Let me add to Cornflower's enthusiasm for this book, it is very well worth reading and its unusual style adds to its power, when in lesser hands it might just seem an irritating trick.

To see a nice example of a small object perturbing one of the rings of Saturn look at this Cassini mission photograph: http://saturn.jpl.nasa.gov/multimedia/images/image-details.cfm?imageID=2569

Dark Puss

Avice

Thank you for your lovely evocation of a compelling book and a compelling writer.

adele geras

I loved this book too. I've never forgotten that Funeral Cortege and the bit you pick out with all the materials is marvellous. I recall that bit as well. He's an amazing writer and his invisibility is part of the magic.

Lindsay

Dark Puss's picture was very smart, but didn't mean a lot to me - I had rather hoped for the ring to be tied in knots!

A verbally related concern is with the misguided plan to cull badgers to control cattle TB: in fact, culling allows other badgers to move in, spreading any infection more widely, an effect known as population perturbation.

And what have the rings of Saturn got to do with the book, anyway, Cornflower or Dark Puss? The link to silk production or Norfolk is not obvious to this dimwit!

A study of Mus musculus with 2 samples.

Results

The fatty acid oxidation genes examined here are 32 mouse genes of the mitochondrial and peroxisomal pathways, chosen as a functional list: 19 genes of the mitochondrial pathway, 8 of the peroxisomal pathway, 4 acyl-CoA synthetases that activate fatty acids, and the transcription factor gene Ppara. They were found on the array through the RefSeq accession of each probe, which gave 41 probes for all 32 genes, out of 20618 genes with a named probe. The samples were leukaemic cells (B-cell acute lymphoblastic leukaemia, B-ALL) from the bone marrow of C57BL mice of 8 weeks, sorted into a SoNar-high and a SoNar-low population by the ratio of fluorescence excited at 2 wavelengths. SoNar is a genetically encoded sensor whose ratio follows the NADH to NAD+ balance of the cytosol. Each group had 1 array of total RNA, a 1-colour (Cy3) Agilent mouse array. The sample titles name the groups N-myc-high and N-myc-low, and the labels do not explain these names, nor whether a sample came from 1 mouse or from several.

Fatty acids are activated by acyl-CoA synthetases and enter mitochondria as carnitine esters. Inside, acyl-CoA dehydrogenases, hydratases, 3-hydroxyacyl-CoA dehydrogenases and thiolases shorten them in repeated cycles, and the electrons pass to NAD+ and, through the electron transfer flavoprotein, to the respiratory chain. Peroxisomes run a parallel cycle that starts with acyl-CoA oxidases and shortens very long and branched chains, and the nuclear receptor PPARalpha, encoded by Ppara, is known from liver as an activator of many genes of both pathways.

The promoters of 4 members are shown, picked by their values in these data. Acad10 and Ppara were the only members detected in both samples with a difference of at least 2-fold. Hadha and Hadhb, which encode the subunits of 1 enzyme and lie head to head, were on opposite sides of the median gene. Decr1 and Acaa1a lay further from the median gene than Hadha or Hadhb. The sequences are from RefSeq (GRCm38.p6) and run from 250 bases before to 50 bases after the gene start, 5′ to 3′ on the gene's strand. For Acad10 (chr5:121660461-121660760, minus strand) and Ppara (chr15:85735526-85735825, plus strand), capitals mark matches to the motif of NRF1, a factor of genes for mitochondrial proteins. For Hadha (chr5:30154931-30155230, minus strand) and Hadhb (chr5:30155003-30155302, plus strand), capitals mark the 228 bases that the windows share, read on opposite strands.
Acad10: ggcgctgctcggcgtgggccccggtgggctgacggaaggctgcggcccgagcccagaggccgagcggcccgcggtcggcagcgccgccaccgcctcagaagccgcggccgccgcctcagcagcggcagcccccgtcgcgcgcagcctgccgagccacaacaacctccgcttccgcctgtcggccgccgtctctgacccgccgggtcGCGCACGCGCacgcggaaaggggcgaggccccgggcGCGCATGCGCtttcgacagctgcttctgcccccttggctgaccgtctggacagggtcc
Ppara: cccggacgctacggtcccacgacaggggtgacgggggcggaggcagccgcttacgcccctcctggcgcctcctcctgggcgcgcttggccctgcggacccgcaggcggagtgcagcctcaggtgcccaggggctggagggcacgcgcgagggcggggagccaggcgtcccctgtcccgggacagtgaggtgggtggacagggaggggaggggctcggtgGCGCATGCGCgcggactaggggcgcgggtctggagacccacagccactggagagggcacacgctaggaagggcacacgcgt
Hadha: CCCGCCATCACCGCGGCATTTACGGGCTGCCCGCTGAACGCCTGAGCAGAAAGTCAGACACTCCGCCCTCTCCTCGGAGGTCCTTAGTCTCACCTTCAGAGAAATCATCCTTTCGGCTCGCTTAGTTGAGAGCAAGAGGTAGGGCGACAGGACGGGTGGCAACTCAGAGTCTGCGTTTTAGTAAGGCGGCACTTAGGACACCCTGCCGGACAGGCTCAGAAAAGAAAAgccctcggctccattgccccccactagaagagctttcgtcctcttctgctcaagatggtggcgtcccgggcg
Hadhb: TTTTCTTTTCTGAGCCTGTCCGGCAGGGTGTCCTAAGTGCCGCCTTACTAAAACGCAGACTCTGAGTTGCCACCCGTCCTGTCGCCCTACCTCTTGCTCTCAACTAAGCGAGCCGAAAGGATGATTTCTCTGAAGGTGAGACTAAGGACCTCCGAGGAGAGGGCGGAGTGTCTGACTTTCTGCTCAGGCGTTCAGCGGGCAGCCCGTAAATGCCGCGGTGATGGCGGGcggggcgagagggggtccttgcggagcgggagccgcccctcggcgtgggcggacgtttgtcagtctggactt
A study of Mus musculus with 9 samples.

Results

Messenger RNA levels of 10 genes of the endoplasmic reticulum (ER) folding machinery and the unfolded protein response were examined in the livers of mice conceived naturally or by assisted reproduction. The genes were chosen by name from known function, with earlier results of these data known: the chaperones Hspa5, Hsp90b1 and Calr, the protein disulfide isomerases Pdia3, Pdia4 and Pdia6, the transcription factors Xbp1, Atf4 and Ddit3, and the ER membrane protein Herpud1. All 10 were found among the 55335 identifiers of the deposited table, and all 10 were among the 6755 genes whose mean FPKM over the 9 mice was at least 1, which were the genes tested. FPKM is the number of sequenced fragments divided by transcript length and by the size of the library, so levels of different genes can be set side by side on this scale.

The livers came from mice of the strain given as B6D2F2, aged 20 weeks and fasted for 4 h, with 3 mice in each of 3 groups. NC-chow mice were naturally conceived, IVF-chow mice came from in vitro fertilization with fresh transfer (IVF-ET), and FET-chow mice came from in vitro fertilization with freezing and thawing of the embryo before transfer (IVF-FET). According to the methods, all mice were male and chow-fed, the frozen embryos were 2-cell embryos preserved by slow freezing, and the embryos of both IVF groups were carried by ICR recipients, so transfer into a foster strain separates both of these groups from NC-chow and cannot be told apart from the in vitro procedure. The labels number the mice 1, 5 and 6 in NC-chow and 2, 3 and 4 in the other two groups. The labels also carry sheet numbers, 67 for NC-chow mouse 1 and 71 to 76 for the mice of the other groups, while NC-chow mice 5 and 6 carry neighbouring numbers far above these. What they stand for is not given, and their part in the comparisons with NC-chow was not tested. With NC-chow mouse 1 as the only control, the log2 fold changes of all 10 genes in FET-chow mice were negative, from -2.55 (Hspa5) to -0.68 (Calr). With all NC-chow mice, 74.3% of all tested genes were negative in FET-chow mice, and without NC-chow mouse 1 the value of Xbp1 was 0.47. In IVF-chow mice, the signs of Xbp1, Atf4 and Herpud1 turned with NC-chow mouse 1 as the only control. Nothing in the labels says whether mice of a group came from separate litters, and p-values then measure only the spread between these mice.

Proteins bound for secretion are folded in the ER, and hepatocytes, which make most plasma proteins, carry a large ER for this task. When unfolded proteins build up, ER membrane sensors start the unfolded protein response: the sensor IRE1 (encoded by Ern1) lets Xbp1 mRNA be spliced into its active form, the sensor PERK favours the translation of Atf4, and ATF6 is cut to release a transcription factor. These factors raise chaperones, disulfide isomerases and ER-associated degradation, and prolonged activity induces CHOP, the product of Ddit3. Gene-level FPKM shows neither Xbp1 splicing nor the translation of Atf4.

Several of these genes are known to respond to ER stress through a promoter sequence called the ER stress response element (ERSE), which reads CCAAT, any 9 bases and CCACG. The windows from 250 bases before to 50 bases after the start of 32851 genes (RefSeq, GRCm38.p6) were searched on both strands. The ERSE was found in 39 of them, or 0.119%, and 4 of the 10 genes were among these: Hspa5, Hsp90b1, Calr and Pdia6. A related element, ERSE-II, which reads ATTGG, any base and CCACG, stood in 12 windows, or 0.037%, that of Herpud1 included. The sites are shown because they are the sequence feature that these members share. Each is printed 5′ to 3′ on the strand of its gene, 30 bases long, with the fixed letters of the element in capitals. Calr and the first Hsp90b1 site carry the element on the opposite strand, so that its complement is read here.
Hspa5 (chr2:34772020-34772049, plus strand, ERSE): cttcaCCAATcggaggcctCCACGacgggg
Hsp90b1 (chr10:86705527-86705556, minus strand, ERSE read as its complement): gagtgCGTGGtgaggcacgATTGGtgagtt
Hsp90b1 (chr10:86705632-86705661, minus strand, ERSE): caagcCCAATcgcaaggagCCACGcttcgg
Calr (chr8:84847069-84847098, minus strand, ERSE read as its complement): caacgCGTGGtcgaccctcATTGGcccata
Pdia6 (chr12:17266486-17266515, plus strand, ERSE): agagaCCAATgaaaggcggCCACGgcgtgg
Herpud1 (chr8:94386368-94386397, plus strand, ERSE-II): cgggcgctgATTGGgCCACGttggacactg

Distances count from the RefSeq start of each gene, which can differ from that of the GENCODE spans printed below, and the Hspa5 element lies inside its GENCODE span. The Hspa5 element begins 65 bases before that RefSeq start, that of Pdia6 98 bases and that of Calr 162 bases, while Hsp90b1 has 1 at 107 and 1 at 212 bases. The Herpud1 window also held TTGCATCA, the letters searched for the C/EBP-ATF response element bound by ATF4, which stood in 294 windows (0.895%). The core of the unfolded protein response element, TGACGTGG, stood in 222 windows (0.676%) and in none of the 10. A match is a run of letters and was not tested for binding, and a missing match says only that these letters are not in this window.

dovegreyreader

I now see Sebald as the perfect writer to just lose myself in. The mood he creates is quite amazing and the way he links all those disparate elements, often with just a single thought, mmm, more Sebald now Cornflower?

Peter the flautist

Why the Rings of Saturn asks Lindsay? Well it is a good question, and I'll hazard a guess (which is surely wrong). The book is concerned with minutiae and detail. The rings of Saturn in the bulk are quite easy to see even with fairly low-powered telescopes (say the sort you might use for bird-watching) and indeed Galileo came close to discovering their true nature with his simple instruments. However they are extraordinarily complex and unbelievably thin (a few km, perhaps less). It took many years of careful human observation to discover the Cassini and Enke divisions, and with spacecraft such as Voyager and much more recently the amazing Cassini the true microscopic (microscopic on a planetary scale anyway) details are being discovered.

I'm sorry I couldn't find a picture with knotted rings, I think that implies a highly unstable and turbulent system. However you might just imagine you can see twisted yarn in this false colour UV picture of the amazing detail in the "A" ring (also it looks like the grooves in a vinyl record to me too): http://lasp.colorado.edu/cassini/images/orange_density_PIA06994%20large.jpg

Astro Cat

Peter the Flautist

Illusory braiding of the narrow "F" rings here for Lindsay (best I could do!) http://pds.jpl.nasa.gov/planets/captions/saturn/fring.htm

Astro Cat


  • Sidebar book cover thumbnail pictures are affiliate links to Amazon, and the storefront links to Blackwell's and The Book Depository are also affiliated; should you purchase a book directly through those links, I will receive a small commission. Older posts may also contain affiliate links to one of those bookshops. I am not paid to produce content and all opinions are my own.